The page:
At the end of September 2011 I hit the road all by myself to discover the world between Stuttgart, Germany and Beijing, China. The trip had been my first adventure of that scale and sure enough a lot of uncertainty appeared, once the stress of work and moving had died down. At my first stop in Venice, I sat down inside a church to listen to the organ player practicing his music and started thinking about the upcoming adventure. I ended up writing the following text, which I never published:
Don’t we all know it in one form or another: the alarm clock goes off and a standard procedures is almost dreamlike executed. Shower, breakfast, go to work, same colleagues, lunch, go home, dinner, and so on. Our daily routine is well defined, the people surrounding us, the work we do, our apartment.
The human being is lazy and used to routines and patterns, is what one reads and hears today. And of course everyone is an exception. But one hardly ever is able to honor what one has got. In Venice I sat down in the San Martino church, where an organist was practicing. A good reason to sit down and to start thinking…
The last few days I have been thinking about, what I am actually doing. A giant project I am about to realize. Besides the well known risks of such a journey, what does it mean to travel through the world all by yourself and not being able to rely on well defined structures?
At home, so many things are routine and well defined, even though I occasionally had to fight for the routine to take place (like the weekly choir practices and sports). The apartment in which I woke up was always the same, the options for breakfast were limited and well known, my girlfriend was always there, the workplace didn’t change, colleagues were everyday the same… the list goes on and on.
It’s especially the people around me, giving me something to hold on to and who support me, when I am in difficulties or questions arise. I have a Comfort Zone around me. As long as I don’t leave it, I feel perfectly fine, everything is well defined and there is typically nothing unexpected happening (even the occasional train delay is well known). Am I aware of my Comfort Zone? Who are those pillars supporting me? In my opinion, it is important to think about these questions. It’s more than just to realize, who are the people I can rely on. It’s about thankfulness and appreciation for all the little things which are taken for granted. Is the refrigerator full when I get home from work? Is the apartment cleaned up? Is the table already set and I just have to sit down and eat? Is there money in my bank account? It’s just there, no need to worry.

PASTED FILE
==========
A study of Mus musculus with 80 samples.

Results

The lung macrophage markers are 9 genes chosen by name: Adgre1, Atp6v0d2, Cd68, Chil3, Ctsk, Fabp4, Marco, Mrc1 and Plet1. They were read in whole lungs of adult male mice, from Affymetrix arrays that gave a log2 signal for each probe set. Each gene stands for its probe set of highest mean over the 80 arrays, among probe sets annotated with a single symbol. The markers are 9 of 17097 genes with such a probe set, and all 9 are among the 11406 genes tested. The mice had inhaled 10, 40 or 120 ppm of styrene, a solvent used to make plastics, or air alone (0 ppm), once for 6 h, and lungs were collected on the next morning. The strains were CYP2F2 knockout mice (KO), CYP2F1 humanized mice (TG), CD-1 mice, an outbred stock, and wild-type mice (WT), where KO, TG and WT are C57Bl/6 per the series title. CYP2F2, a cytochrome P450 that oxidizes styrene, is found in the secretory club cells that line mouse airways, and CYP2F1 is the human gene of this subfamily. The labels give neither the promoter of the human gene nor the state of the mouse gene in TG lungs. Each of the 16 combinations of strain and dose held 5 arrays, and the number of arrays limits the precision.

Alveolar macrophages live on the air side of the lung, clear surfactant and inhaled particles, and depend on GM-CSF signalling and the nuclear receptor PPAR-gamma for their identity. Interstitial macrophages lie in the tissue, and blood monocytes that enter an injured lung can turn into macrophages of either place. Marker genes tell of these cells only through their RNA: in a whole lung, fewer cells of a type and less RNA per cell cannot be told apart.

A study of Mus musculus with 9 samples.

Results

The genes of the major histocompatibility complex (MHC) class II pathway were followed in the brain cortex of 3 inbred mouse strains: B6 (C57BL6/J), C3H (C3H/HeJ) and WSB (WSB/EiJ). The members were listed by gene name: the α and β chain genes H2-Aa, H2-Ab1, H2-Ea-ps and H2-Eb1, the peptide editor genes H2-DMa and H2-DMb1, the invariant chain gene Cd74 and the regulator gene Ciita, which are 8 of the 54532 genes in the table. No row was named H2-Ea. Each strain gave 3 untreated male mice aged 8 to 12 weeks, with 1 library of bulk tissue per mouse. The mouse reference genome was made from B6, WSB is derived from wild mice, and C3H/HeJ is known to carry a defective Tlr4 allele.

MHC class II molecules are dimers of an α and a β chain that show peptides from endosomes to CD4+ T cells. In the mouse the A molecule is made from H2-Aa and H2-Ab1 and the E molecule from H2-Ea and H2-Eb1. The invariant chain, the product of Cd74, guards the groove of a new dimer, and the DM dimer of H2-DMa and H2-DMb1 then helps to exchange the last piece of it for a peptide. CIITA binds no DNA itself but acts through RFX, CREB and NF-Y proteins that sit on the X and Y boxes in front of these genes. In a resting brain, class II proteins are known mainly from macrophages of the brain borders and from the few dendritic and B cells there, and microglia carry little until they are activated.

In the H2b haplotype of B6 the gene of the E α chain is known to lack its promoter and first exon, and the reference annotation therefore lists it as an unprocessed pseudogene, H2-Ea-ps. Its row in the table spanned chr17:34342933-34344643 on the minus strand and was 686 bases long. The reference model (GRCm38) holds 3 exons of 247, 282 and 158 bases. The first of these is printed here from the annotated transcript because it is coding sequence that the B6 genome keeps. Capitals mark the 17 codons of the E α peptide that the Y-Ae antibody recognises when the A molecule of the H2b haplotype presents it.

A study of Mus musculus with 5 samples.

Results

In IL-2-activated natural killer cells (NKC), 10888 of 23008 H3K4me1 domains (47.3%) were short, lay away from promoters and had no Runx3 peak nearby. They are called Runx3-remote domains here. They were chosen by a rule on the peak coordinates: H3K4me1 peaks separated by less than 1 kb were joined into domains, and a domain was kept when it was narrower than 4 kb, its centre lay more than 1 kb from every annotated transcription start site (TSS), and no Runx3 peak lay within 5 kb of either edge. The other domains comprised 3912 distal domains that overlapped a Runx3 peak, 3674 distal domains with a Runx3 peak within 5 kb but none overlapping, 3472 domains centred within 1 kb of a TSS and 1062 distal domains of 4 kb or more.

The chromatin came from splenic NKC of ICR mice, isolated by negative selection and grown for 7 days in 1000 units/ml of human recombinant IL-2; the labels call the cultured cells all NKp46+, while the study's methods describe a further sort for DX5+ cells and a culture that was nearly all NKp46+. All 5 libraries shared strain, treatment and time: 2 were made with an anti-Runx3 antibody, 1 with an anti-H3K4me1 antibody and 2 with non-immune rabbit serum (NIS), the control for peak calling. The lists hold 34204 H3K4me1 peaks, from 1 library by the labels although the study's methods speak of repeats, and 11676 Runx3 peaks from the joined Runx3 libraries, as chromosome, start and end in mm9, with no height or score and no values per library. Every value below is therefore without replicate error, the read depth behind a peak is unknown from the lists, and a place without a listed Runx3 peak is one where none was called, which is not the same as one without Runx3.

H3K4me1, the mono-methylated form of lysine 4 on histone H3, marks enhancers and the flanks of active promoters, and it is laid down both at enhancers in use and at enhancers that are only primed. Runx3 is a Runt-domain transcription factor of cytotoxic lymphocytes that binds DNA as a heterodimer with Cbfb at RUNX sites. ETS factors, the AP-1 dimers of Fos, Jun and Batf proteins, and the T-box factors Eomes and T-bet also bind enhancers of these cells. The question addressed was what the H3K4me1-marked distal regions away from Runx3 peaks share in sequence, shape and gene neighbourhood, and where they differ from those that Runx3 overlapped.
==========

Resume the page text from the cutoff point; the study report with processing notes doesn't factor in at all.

I am on my way now. All by myself. The goal: Beijing. Where is all that I am used to? Where are the people supporting me? Whom can I ask? Where will I sleep tonight? What will I eat for breakfast tomorrow? In the next few months, I will rarely have a questions to all of these questions. It will be my task to find people helping me out, when I need help, ask the most basic question or don’t understand the simplest thing in a foreign country. I have definitely left my Comfort Zone in many respects.
This time, many things are different: While the experience I gained during my last trip come in very handy, this time there are two of us. The mutual support and company of the other help in case of troubles and give a feeling of security. Taking the other into consideration and giving him or her attention also means the there is less freedom compared to one traveling in his or her own.
No matter what: Both Lenka and I are excited about the adventure ahead of us and we hope that we can transmit some of the joy and curiosity through a few blog posts.